Half Vacuum Truck, Half School Bus Served Minnesota Pumper Well

In northern Minnesota, Dale Wicklund crafted a Frankenstein pumping bus that’s served him well for 20 years.
Half Vacuum Truck, Half School Bus Served Minnesota Pumper Well
After 20 years of service, the old bus conversion vacuum truck is heading for the scrapyard.


These are a few of the questions I asked myself when proud owner Dale Wicklund sent me a photo of his unusual rig, a sawed-off 1981 Chevrolet school bus. The subject on his email was “World’s Ugliest Pumper Truck,’’ my first clue this was a working septic service truck.

And work with it, Wicklund did. Unbelievably, the Frankenstein of a truck was Wicklund’s principal pumping truck, cleaning tanks throughout the furthest northern reaches of Minnesota. Wicklund’s home base in Greenbush, Minn. (population 800) is a tad further north than International Falls, Minn., known by many as the coldest spot in the lower 48 states.

In fact, Wicklund’s one-man pumping and plumbing operation, D.W. Mechanical, is about the last stop of civilization in the state before untamed wilderness takes over and you hit the Canadian border. To serve some of his customers, Wicklund has to cross into Canada on a little nub of land at Lake of the Woods, then cross back into Minnesota to reach the tank.


And it’s cold. How cold? Wicklund says he dealt with frozen lines until the Fourth of July last summer.

It’s rough, remote country and a tough place to scratch out a living as a pumper … which explains the almost-comical Unclassy Truck photo Wicklund’s son Nels helped direct to my Pumper inbox. One of the tricked-out trucks Wicklund sees here in the Classy Truck feature just wouldn’t do way up north. Sadly, he says there isn’t enough business to justify a shiny new custom-built truck, and his farmer customers wouldn’t cotton to him coming up the driveway in one.

“You can’t build a fancy truck up here or they’ll think you’re making too much money,’’ Wicklund says in a phone call, pausing during a pumping job. “There isn’t enough cash flow to have a fancy rig. So you keep it simple and keep your costs down.’’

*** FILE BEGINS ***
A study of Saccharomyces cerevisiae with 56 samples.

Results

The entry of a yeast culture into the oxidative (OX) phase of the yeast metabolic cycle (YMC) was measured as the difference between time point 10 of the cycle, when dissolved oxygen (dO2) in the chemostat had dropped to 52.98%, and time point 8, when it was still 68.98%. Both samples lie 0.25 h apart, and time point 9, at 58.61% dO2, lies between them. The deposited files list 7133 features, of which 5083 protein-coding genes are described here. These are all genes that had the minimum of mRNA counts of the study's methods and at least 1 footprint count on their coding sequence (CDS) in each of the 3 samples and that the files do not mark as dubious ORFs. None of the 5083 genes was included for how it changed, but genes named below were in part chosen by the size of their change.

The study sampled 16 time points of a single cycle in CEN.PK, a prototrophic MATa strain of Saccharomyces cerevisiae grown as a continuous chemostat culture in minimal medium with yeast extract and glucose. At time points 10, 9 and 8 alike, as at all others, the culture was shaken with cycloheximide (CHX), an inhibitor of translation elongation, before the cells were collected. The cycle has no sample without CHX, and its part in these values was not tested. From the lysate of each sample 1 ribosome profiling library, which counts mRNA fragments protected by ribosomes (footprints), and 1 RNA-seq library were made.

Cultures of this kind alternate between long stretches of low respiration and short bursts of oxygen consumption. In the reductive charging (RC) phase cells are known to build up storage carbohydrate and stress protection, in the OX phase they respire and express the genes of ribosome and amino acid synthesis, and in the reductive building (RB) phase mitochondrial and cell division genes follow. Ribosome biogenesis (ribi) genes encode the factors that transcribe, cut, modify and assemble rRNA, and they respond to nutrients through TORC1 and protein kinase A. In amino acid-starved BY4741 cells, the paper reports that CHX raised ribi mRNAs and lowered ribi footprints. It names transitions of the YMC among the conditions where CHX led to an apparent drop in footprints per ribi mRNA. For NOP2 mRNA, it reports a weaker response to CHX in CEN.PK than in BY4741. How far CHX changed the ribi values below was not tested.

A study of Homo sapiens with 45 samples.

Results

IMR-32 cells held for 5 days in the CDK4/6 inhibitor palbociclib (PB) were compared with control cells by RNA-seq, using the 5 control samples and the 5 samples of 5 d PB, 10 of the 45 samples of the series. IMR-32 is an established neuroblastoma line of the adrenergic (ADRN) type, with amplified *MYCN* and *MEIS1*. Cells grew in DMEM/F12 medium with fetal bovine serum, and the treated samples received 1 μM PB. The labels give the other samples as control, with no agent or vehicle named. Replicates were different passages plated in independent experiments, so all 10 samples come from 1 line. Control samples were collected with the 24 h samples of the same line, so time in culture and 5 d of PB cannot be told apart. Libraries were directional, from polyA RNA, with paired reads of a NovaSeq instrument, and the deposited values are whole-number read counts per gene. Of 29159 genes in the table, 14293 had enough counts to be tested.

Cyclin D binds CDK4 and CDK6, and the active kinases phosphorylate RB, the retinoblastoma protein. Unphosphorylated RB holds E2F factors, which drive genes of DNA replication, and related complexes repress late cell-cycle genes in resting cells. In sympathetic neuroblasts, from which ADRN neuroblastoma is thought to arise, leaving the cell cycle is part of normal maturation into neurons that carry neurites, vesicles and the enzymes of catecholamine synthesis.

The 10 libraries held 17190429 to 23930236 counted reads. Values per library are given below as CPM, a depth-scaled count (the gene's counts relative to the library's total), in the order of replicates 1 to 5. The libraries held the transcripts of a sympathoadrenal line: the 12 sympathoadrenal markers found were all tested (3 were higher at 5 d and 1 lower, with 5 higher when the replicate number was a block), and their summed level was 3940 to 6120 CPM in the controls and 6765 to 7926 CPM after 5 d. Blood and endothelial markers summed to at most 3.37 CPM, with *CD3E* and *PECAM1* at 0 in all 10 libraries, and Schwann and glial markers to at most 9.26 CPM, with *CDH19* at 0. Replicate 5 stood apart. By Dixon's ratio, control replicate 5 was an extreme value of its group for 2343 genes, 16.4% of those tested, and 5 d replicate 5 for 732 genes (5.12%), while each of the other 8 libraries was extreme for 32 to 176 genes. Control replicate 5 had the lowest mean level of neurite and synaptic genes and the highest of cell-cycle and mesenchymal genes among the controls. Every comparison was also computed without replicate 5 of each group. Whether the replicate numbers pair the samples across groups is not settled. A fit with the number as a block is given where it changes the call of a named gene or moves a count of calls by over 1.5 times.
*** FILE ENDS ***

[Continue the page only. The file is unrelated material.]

Wicklund sure kept his costs down over the years. Handy with a welder and a torch, Wicklund transformed the bus into a vac truck by himself. He bought the bus from the local school district for $1,500 in 1993 and figures he’s invested another $10,000 into it over the years.

First, he cut about 20 feet off the back end of the bus cab, removing four rows of seats. Then, before reattaching the rear end of the cab, he added a 200-gallon plastic freshwater tank inside the bus. To the stout bus frame, made of 3/8-inch steel, he added a manure-spreading farm tank, which he used for about five years. Then he swapped it out for a bigger, used 1,500-gallon tank. To that, he hooked up a 75 cfm Masport pump, and he’s been using the same setup for 16 years.


A master plumber, Wicklund, 52, says he has to be a jack-of-all-trades to survive in the lightly populated region. He does residential plumbing some days, services 60 Satellite Industries Maxim 3000 portable restrooms placed on energy pipelines and construction sites, and cleans septic systems in three counties covering 100 miles. The pumping is seasonal and spotty.

“I might [pump] 10 in one day, and then none for the next 10 days,’’ he says. So he’s made do with the pumping bus for all these years, and customers have become quite fond of seeing it running down the back roads. They appreciate that he recycled the bus rather than seeing it rot away in a field somewhere, he says. And they find it plain whimsical.

“Everyone knew who was coming down the road when they saw this old pumper bus,’’ he says.

But all good things must come to an end. Wicklund bought the bus with 150,000 miles, and he’s put on an additional 120,000 miles. With rust taking over, he is replacing the bus with a 1997 GMC 7500 that will use the same sturdy old tank.

In addition, Wicklund runs a portable sanitation truck, a 1997 Ford F-450 former propane delivery truck outfitted with a slide-in unit he fabricated using a section of pipeline pipe combined with another Masport pump.

Wicklund’s preparing to scrap the bus and expects to get $300 back from his original investment.

“She’s kind of wore out, and we’ve been evading the DOT for years,’’ Wicklund jokes. “She’s worked very well in subarctic Minnesota winters, but the cab is starting to come apart at the seams and she’s getting tired. The truly unique work vehicle has lived up to and over our expectations. We will miss the old girl.’’


I always look forward to seeing the beautiful paint jobs, graphics and polished chrome on trucks we feature in Pumper. The typical rigs you see in these pages have astounding pumping capabilities and enhance the reputation of their owners. They scream “professionalism’’ and help pumpers stand out in an industry that is seeing better and better work vehicles hit the road. I would argue a pumper is better off running a modern, well-appointed truck whenever possible.

But there’s still something to be said for a guy like Dale Wicklund, who is doing the best he can with the resources available in a remote and sparsely populated service territory. The bottom line: The old pumping truck is not much to look at, but it got the job done for Wicklund and the customers who depend on him.